Currently many sophisticated computer workstations are available to interpret virtual colonoscopy examinations. These workstations allow fast processing of the data as well as an interactive ability to evaluate an abnormality in multiple views. There is some controversy regarding whether virtual colonoscopy examinations should be interpreted using a primary two-dimensional or three-dimensional viewing technique.

2-D Axial image on the left and 3-D endoluminal image on the right show ulcerated adenocarcinoma in the rectum (white arrows).

The three-dimensional viewing technique uses the computer to generate a center-line path through the colon that simulates the view obtained by a conventional colonoscopy. The disadvantage of this technique is that large areas of the colon are obscured behind folds. To optimally evaluate data using a 3D technique, four "fly-through" views are required. Two of these are taken with the view traveling down the colon, one with the patient lying on the back and one on the stomach. Two views are taken traveling up the colon, one with the patient lying on the back and one on the stomach. Even using these techniques, the entire colon surface may not be visualized. Moreover, it is time consuming.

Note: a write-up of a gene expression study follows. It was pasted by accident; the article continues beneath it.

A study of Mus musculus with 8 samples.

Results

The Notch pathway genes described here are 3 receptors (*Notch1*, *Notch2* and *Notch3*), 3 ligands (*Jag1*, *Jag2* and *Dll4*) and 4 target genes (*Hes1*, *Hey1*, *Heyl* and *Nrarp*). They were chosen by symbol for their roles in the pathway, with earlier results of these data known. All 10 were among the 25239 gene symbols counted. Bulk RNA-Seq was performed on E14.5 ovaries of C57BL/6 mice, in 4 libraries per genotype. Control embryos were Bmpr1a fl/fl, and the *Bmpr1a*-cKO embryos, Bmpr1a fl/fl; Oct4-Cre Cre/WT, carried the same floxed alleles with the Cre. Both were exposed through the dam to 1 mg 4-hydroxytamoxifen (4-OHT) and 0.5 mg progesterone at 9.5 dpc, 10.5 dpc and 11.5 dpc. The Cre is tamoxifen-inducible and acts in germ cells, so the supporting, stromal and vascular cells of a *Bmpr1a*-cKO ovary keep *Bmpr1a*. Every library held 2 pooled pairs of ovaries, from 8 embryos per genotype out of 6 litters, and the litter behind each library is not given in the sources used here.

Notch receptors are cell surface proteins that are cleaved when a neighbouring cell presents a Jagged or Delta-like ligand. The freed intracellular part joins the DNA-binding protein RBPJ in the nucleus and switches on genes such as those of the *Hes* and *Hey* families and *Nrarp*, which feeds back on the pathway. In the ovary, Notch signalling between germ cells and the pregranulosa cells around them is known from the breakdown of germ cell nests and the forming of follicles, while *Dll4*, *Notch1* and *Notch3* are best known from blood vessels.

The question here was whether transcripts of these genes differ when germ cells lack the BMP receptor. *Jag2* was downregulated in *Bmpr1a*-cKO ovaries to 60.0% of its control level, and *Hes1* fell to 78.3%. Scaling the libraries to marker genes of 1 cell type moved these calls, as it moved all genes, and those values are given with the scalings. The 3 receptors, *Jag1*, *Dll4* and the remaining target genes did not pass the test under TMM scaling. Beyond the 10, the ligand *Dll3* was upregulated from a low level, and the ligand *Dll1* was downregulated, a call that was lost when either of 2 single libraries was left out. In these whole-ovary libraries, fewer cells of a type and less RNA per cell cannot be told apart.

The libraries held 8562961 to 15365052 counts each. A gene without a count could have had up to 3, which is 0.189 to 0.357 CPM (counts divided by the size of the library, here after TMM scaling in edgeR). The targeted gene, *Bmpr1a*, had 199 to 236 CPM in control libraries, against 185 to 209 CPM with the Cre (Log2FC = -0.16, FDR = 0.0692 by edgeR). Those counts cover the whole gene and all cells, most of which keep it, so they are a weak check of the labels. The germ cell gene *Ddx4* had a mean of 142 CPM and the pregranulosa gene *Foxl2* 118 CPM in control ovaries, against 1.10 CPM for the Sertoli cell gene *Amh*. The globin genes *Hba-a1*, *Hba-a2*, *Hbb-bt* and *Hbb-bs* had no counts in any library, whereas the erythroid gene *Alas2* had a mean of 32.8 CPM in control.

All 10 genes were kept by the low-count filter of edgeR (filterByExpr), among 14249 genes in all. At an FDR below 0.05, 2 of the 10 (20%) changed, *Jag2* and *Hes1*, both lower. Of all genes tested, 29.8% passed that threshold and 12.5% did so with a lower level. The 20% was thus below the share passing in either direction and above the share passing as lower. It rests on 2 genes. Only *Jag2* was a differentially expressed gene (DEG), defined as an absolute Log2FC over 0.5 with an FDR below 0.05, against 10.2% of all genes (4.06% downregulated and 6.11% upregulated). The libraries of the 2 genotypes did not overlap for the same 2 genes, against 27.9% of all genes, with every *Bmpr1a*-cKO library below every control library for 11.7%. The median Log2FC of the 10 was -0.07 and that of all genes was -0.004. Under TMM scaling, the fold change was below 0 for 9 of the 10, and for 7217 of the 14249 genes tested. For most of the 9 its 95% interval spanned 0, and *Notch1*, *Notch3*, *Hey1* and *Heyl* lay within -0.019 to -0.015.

Most investigators agree that a primary 2D review using appropriate views is sufficient for problem solving (31, 46). Using these techniques the colon can be evaluated in approximately 5-15 minutes by an experienced trained radiologist. It is important to remember that whether one uses 2D or 3D as the primary review technique, both must be available to accurately differentiate folds, polyps, and residual fecal material.